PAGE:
Cargo shipments passing through the Northern Sea Route, Russia’s remote Arctic sea artery, topped 30 million tons during the past year, officials have said, marking a major uptick in fossil fuel deliveries from one of the world’s most vulnerable environments.
The shipping upswing, which President Vladimir Putin has made a centerpiece of his economic strategy, comes amid warnings from the president’s own ministries that heavy industrialization in the Arctic could make the effects of climate change worse for Russia – which scientists say is already warming 2.5 as fast as fast as any other country in the world.
Yet the shipping surge also goes toward fulfilling one of Putin’s biggest demands: An order, issued in 2017, that cargo volumes flowing through the Arctic reach at least 80 million tons a year by 2024.
For now, those who favor an Arctic build out are winning out. On Thursday, Putin signed a massive Arctic master plan that cements national priorities for development in the polar region. Chief among them is a mandate to drill for more fossil fuels in the polar region by offering oil and gas developers enormous tax breaks, the Barents Observer reported.
That master plan builds on yet another plan issued in January, which essentially divides the responsibility of developing the Northern Sea Route among Rosneft and Gazprom Russia’s state oil and gas monopolies; its state nuclear corporation Rosatom, and Novatek, the private natural gas giant developing on the Yamal Peninsula.
The new shipping figures reflect this emphasis on fossil fuel production. According to the Northern Sea Route Administration, 31.5 million tons of goods were shipped via the passage in 2019.
The vast majority of that tonnage – fully 20.5 million tons – was comprised of natural gas from Novatek’s Yamal LNG project, said the Russian news agency Korabel. Next came 7.7 million tons of oil from Gazprom Neft’s Novy Port development in the Gulf of Ob. Another 1.5 million tons was accounted for by ores and minerals shipped from Norilsk Nickel’s port on the Yenisei River.
Relatively little of the tonnage was made up by goods being shipped along the entire 6,000-kilometer stretch of the route, meaning the Northern Sea Route still isn’t competitive with the Suez Canal. Only 37 ships made the entire Europe to Asia voyage during the course of last year. That’s fewer than the number of ships passing through the Suez Canal in the course of a single day.
Still, in terms of percentages, cargo volumes on the Northern Sea Route in 2019 increased by 56.7 percent over the previous year.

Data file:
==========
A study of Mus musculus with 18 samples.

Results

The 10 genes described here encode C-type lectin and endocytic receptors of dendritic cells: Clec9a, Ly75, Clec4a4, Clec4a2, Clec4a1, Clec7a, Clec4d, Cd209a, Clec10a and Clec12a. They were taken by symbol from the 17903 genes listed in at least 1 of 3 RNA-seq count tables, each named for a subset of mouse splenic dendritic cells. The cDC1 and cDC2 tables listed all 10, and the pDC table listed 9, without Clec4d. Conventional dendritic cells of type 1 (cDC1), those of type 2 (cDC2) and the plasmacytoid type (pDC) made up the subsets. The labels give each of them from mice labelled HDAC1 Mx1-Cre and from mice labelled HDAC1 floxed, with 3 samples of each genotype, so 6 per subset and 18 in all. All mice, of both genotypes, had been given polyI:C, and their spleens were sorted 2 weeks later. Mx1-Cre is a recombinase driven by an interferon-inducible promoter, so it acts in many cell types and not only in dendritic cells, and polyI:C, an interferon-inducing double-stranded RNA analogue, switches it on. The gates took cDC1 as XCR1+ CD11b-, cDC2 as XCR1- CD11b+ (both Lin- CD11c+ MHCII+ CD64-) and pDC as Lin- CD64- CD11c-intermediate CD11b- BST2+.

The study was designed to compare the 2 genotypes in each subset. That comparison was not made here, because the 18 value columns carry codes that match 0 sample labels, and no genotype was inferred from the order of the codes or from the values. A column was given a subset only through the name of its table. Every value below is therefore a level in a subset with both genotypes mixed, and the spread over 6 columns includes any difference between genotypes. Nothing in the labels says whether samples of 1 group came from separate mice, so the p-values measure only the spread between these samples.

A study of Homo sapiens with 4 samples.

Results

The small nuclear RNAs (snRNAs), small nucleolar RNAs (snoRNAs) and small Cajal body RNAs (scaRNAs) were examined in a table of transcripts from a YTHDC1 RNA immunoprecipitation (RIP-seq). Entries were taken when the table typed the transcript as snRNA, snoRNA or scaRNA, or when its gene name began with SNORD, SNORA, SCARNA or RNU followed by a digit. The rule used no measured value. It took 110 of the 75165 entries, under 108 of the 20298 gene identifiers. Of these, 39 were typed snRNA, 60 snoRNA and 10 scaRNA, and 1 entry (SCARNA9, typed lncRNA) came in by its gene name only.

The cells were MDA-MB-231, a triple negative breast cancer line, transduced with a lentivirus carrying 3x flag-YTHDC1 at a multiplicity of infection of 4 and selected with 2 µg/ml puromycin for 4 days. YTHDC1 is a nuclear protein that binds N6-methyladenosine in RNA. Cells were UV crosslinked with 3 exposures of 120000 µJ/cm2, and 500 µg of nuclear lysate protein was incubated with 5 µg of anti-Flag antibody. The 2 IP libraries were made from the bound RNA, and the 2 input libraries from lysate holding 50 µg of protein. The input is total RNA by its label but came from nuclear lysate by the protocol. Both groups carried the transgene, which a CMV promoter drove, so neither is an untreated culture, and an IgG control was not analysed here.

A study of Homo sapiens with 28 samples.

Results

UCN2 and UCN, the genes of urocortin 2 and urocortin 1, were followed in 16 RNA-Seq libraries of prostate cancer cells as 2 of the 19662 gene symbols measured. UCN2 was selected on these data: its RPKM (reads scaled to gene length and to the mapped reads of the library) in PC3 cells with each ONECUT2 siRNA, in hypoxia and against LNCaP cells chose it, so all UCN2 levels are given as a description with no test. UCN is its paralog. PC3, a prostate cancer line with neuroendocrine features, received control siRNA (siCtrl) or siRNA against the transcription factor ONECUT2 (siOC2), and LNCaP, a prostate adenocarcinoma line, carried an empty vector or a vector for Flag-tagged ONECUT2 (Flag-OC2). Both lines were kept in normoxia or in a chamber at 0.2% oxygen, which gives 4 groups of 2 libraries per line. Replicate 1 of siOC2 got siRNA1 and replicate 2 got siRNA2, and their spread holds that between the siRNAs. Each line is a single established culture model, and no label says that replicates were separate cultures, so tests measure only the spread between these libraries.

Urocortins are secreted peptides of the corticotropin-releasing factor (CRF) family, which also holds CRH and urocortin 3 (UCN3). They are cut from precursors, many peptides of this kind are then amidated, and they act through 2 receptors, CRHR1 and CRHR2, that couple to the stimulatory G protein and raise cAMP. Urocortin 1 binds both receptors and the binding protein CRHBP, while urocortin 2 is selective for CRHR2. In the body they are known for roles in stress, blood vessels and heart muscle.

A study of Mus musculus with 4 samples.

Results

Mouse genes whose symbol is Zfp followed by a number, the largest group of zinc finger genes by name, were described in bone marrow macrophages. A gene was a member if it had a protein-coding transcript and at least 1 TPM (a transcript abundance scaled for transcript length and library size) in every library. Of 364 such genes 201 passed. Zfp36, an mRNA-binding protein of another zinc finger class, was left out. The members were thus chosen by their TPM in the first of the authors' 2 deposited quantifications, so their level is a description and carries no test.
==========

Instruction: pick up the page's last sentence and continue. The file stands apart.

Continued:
But the surge is at odds with the climate advice offered by any number of Russian government bureaucracies ministries. In particular, the Audit Chamber, which oversees government spending, has warned that the Kremlin’s economic plans are serving to make the effects of climate change even worse.
In a report released in January, the Audit Chamber took aim at Putin’s $400 billion National Projects plan – of which Arctic development is a part – and criticized it for making no mention of climate change and its failure to fund any efforts mitigating its impact on the country’s economy. Should the Kremlin fail to defend Russia from these impacts, the report said, climate change could knock up to 3 percent per year off Russia’s GDP by 2030.
That’s only the latest alarm bell from within the government. A government position on climate change, also published in January, directed Russian agencies to prepare for climate calamities like droughts, floods and fires and to draw up plans for crisis resettlement.
In September, Russia’s natural resources and environmental ministry warned that the country was warming two and a half times faster than other nations of the world. Melting permafrost, which accounts for some 65 percent of Russia’s landmass, could threaten hundreds of billions of dollars worth of infrastructure the ministry said.
Ice levels in the Arctic are decreasing at an alarming pace – a decline that will only be accelerated by more maritime traffic. According to NASA data, ice cover around the North Pole has been retreating by more than 12 percent each year since 1979. Because of this the Arctic is absorbing more solar radiation, causing polar temperatures to rise twice as fast as anywhere else on earth.